The following are the chief islands: - Thasos, in the extreme north, off the Macedonian coast; Samothrace, fronting the Gulf of Saros; Imbros and Lemnos, in prolongation of the peninsula of Gallipoli (Thracian Chersonese); Euboea, the largest of all, lying close along the east coast of Greece; the Northern Sporades, including Sciathos, Scopelos and Halonesos, running out from the southern extremity of the Thessalian coast, and Scyros, with its satellites, north-east of Euboea; Lesbos and Chios; Samos and Nikaria; Cos, with Calymnos to the north; all off Asia Minor, with the many other islands of the Sporades; and, finally, the great group of the Cyclades, of which the largest are Andros and Tenos, Naxos and Paros.
It is possible that the floating of the head of Orpheus to Lesbos has reference to the fact that the island was the first home of lyric poetry, and may be symbolical of the route taken by the Aeolian emigrants from Thessaly on their way to their new home in Asia Minor.
The German Archaeological Institute, founded in 1874, has carried out excavations at Thebes, Lesbos, Paros, Athens and elsewhere; it has also been associated in the great researches at Olympia, Pergamum and Troy, and in many other important undertakings.
Chios, Lesbos and Samos alone furnished ships; all the rest had commuted for a money payment.
Even though we admit that Chios, Lesbos and Samos (up to 440) retained their oligarchic governments and that Selymbria, at a time (409 B.C.) when the empire was in extremis, was permitted to choose its own constitution, there can be no doubt that, from whatever motive and with whatever result, Athens did exercise over many of her allies an authority which extended to the most intimate concerns of local administration.
PITTACUS, of Mytilene in Lesbos (c. 650-570 B.C.), one of the Seven Sages of Greece.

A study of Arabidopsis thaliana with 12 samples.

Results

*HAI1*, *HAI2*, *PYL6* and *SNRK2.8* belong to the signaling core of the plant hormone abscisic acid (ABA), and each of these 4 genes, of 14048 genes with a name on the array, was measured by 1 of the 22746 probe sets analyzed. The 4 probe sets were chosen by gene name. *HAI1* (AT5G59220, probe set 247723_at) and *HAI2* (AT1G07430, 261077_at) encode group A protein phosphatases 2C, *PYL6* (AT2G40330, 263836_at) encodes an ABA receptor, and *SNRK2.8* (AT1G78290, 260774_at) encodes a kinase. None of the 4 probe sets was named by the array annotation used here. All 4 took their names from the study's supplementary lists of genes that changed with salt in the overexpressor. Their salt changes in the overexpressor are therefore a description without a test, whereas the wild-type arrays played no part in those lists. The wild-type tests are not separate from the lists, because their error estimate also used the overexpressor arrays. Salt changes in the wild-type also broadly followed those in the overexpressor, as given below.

Julian recalled him from exile, bestowed upon him an estate in Lesbos, and retained him for a time at his court in Constantinople.
At the accession of Valens (364) he retired to his estate at Lesbos, but soon returned to Constantinople, where he died in 367.
In the case of Lesbos (427), were apparently allowed to remain in Athens receiving rent for their allotments from the original Lesbian owners (Thuc. iii.
SAPPHO (7th-6th centuries B.C.), Greek poetess, was a native of Lesbos, contemporary with Alcaeus, Stesichorus and Pittacus, in fact, with the culminating period of Aeolic poetry.
At Lesbos she was head of a great poetic school, for poetry in that age and place was cultivated as assiduously and apparently as successfully by women as by men.
The year 428 was marked by a third invasion of Attica and by the revolt of Lesbos from Athens.
And Lesbos was made a cleruchy.
Euboea, Lesbos, Chios, Erythrae led the way in negotiation and revolt, and simultaneously the court of Susa instructed the satraps Pharnabazus and Tissaphernes to renew the collection of tribute from the Greek cities of Asia Minor.
It is true that we find oligarchic government in Chios and Lesbos (up to 428) and in Samos (up to 440), but this is discounted by the fact that all three were " autonomous " allies.
ARION, of Methymna, in Lesbos, a semi-legendary poet and musician, friend of Periander, tyrant of Corinth.
4 In a story from the isle of Lesbos the dragon must receive a human victim twice a day.
Curiously enough, an old authority tells us that the people of Lesbos were directed to throw a virgin into the sea to Poseidon, and the hero who vainly tried to save her reappeared years later with a wonderful cup of gold (Hartland, iii.
After the fall of Constantinople, he was employed in various diplomatic missions by Dorino and Domenico Gateluzzi, princes of Lesbos, where he had taken refuge.
He was successful in securing a semi-independence for Lesbos until 1462, when it was taken and annexed to Turkey by Sultan Mahommed II.
18), and which at a later date was much appreciated by the Persian kings; and the wines from the Greek islands (Chios, Lesbos, Cos).
In front is Lesbos, one of whose towns, Methymna, is said to have sent forth the founders of Assus, as early, perhaps, as r000 or 900 B.C. The whole south coast-line of the Troad is seen, and in the south-east the ancient territory of Pergamum, from whose masters the possession of Assus passed to Rome by the bequest of Attalus III.
His own special portion consisted of Constantinople, the adjacent regions both on the European and the Asiatic side, along with some outlying districts, and several islands including Lemnos, Lesbos, Chios and Tenos.
THEOPHRASTUS, the successor of Aristotle in the Peripatetic school, a native of Eresus in Lesbos, was born c. 372 B.
After receiving his first introduction to philosophy in Lesbos from one Leucippus or Alcippus, he proceeded to Athens, and became a member of the Platonic circle.
The Aeolic settlers of Lesbos and Cyme, pushing eastwards by Larissa and Neonteichus and over the Hermus, seized the valley of Smyrna.
He did something for the reorganization of the navy, and recovered Lesbos and Chios from the Genoese.